Our Country’s Good

By Timberlake Wertenbaker. The Stirling Players. Stirling Community Theatre. September 23-October 8, 2016.

Rehabilitation or the gallows? When dealing with serious felons, it’s a question pondered by far more civilised and recent societies than that of early Australian penal colonies.

Timberlake Wertenbaker’s 1988 play Our Country’s Good is set in Governor Arthur Philip’s penal colony and poses the execution vs rehabilitation dilemma through a familiar theatrical device, a play within a play.


Daniel Kok & Luke George. Nexus Arts. OzAsia Festival. 23-24th September. 2016

“Bunny” is the name given to a person tied in rope bondage. This bold collaboration by Singapore dancer Daniel Kok and Tasmanian-born Luke George captivates and pushes the boundaries of trust. Erotica bubbles under the surface of this theatre piece, with the audience as much a part of the presentation as the artists themselves.

Boeing Boeing

By Marc Camoletti, translated by Beverley Cross. Castle Hill Players. Pavilion Theatre, Castle Holl Showgrounds. Sep 23 – Oct 15, 2016.

If you love a good farce, especially one that’s done well, then this production of Boeing Boeing will be just your ticket - and despite the fact that the plot might seem  politically incorrect, it’s not impossible that you’ll get lots of laughs.


Book, Music & Lyrics by Jim Jacobs & Warren Casey. Toowoomba Philharmonic Society. Director/Vocal Coach: Cherie Vera. Musical Director: Joe Goodman. Choreographer: Daniel Erbacher. Empire Theatre, Toowoomba, Qld 23-25 Sep 2016

Daniel Erbacher’s choreography was the star of this production. The first act finale “We Go Together” had the entire company of 36 dancing in synchronisation and it was euphoric with the energy levels off the charts. Every musical number was enhanced by Erbacher’s movement, which captured the 1950’s era to perfection, as did the wailing tenor saxes in Joe Goodman’s pit band, and Emma-Jane Apsey’s leather jackets, bobby-sox and pedal pusher costumes.

She Stoops to Conquer

By Oliver Goldsmith. Canberra Repertory. Directed by Tony Turner. Theatre 3, Acton, Canberra. 22 September – 8 October 2016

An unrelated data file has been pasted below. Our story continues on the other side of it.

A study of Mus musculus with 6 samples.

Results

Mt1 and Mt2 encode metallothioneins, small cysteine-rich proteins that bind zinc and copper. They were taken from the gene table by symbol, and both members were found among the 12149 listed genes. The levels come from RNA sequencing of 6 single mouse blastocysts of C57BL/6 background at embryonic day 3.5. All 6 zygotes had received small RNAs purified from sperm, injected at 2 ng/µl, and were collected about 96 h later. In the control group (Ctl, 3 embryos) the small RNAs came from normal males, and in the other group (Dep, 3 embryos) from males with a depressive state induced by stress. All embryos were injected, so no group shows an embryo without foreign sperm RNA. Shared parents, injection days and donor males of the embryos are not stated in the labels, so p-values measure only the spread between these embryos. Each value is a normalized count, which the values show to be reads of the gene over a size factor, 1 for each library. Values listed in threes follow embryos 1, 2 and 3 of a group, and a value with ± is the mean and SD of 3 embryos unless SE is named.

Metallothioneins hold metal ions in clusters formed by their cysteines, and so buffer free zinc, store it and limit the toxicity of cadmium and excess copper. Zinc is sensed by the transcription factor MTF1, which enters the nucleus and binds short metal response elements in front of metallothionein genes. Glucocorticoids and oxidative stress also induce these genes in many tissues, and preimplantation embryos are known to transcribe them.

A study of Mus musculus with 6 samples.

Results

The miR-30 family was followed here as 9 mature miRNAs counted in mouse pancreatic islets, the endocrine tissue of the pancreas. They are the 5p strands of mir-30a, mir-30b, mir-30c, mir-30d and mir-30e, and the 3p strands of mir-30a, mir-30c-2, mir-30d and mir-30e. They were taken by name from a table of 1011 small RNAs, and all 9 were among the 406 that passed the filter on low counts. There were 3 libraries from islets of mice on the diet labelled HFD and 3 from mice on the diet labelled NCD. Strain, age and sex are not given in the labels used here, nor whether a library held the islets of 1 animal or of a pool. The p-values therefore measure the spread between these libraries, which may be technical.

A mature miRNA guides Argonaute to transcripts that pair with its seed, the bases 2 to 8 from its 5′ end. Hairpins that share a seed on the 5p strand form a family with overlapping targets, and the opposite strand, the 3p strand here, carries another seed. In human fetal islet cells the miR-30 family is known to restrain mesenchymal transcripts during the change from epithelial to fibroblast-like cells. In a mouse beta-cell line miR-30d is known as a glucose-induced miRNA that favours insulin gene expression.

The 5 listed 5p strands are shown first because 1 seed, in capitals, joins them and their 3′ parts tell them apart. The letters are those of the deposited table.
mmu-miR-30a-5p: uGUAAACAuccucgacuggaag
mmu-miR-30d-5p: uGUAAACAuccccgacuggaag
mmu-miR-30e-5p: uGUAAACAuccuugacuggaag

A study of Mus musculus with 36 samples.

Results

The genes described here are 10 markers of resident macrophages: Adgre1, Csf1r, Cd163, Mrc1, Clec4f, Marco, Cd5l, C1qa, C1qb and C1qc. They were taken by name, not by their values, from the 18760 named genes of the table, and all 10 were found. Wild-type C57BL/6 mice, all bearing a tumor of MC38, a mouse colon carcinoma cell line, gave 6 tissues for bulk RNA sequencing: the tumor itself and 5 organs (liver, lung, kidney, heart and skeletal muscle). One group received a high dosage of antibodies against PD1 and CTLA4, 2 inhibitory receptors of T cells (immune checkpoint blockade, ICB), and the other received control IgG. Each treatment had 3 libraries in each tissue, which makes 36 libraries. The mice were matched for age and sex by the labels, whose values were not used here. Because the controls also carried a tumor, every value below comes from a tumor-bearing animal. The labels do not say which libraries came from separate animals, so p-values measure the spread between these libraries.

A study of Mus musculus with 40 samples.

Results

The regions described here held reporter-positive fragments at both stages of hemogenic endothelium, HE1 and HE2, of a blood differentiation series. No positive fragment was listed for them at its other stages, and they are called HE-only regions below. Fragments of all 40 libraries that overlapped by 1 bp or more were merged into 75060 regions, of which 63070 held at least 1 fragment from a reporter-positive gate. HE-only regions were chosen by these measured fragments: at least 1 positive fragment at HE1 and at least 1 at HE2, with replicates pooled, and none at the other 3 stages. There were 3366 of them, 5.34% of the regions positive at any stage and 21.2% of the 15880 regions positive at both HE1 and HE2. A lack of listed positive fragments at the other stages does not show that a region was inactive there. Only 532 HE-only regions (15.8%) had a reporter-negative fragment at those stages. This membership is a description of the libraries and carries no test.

Goldsmith’s classic comedy, commissioned to revive a dying genre and completed in 1771, takes a couple of love matches and throws in their path obstacles arising chiefly from the human need to be sure of the suitor’s suitability.  In this universality of motives, it translates successfully as comedy for modern audiences.  Relying less on linguistic cleverness than on straightforward deceits of universal application, the tale leads seemingly inexorably to disaster and disownment before resolving with a satisfying twist.


By Jean McConnell. Ipswich Little Theatre. Directors: Ann Collyer, Aaron Evans, Chris Austin-Greenhill. Incinerator Theatre, Ipswich, Qld. 21 Sep – 8 Oct 2016

These days, one-act plays are the domain of community theatre with most companies programming a season of them each year. Ipswich Little Theatre’s 2016 offering took three stories from British playwright Jean McConnell’s Deckchairs series of 16 one-act duologues for women.

Not Another Indie Cabaret

Written & performed by Jessamae St James. Directed by Steven Gates. The Butterfly Club, Melbourne CBD. 20-25 September 2016

Jessamae St James, in a spangled frock and platforms, plays piano, kazoo, electric ukulele and some kind of weird electric keyboard on her knees.  She claims that she cannot play any of these instruments very well – but, hey, it’s cabaret – right?  - and a kind of rambling, confessional address is integral.  She also uses an electronic ‘effects station’ to make loops of her own voice.

Three Blind Mice

Isabella Yena, Ruby Johnston and Benjamin Nichol. Victorian College of the Arts. 28 Dodds Street. Production Coordinator David Harrod. Audio Designer Sidney Millar. Set Designer Joseph Noonan. 22- 25 September, 2016

Shaz (Ruby Johnston) suffers from agoraphobia, the fear of open or public places, and hasn’t left her house in five years. Her contact with the outside world is limited to what she sees on television, what is expounded by politically domineering neighbour Lorraine (Izabella Yena), and delivered by the worldly and desirable postie Johnno (Benjamin Nichol).

A Dingo Ate My Baby / Small Brown Supporting Role

By Louisa Wall / Nisha Joseph & Tenielle Thompson. Victorian College of the Arts. 28 Dodds Street. Production Coordinator David Harrod. Set and Costume Design Christiana Garvie. 22-25 September, 2016

This distinctly contrasting double-bill staged as part of Frisk, a festival of new performance works cocooned within Melbourne’s Fringe Festival, showcases some of the emerging talent of the VCA.

Young Frankenstein

Music and Lyrics: Mel Brooks, Book by Mel Brooks and Thomas Meehan. Miranda Musical Society. Co-Directors and Co-Choreographers: Lolly Butler and Gavin Leahy, recreating the original direction and choreography of Susan Stroman. Sutherland Entertainment Centre. September 21 – 25, 2016.

Miranda’s Young Frankenstein is as spectacular as it is fun. The cast gets all the vaudeville, innuendo, double entendre, single entendre, and slapstick (or should that be schlappshtick?) absolutely right.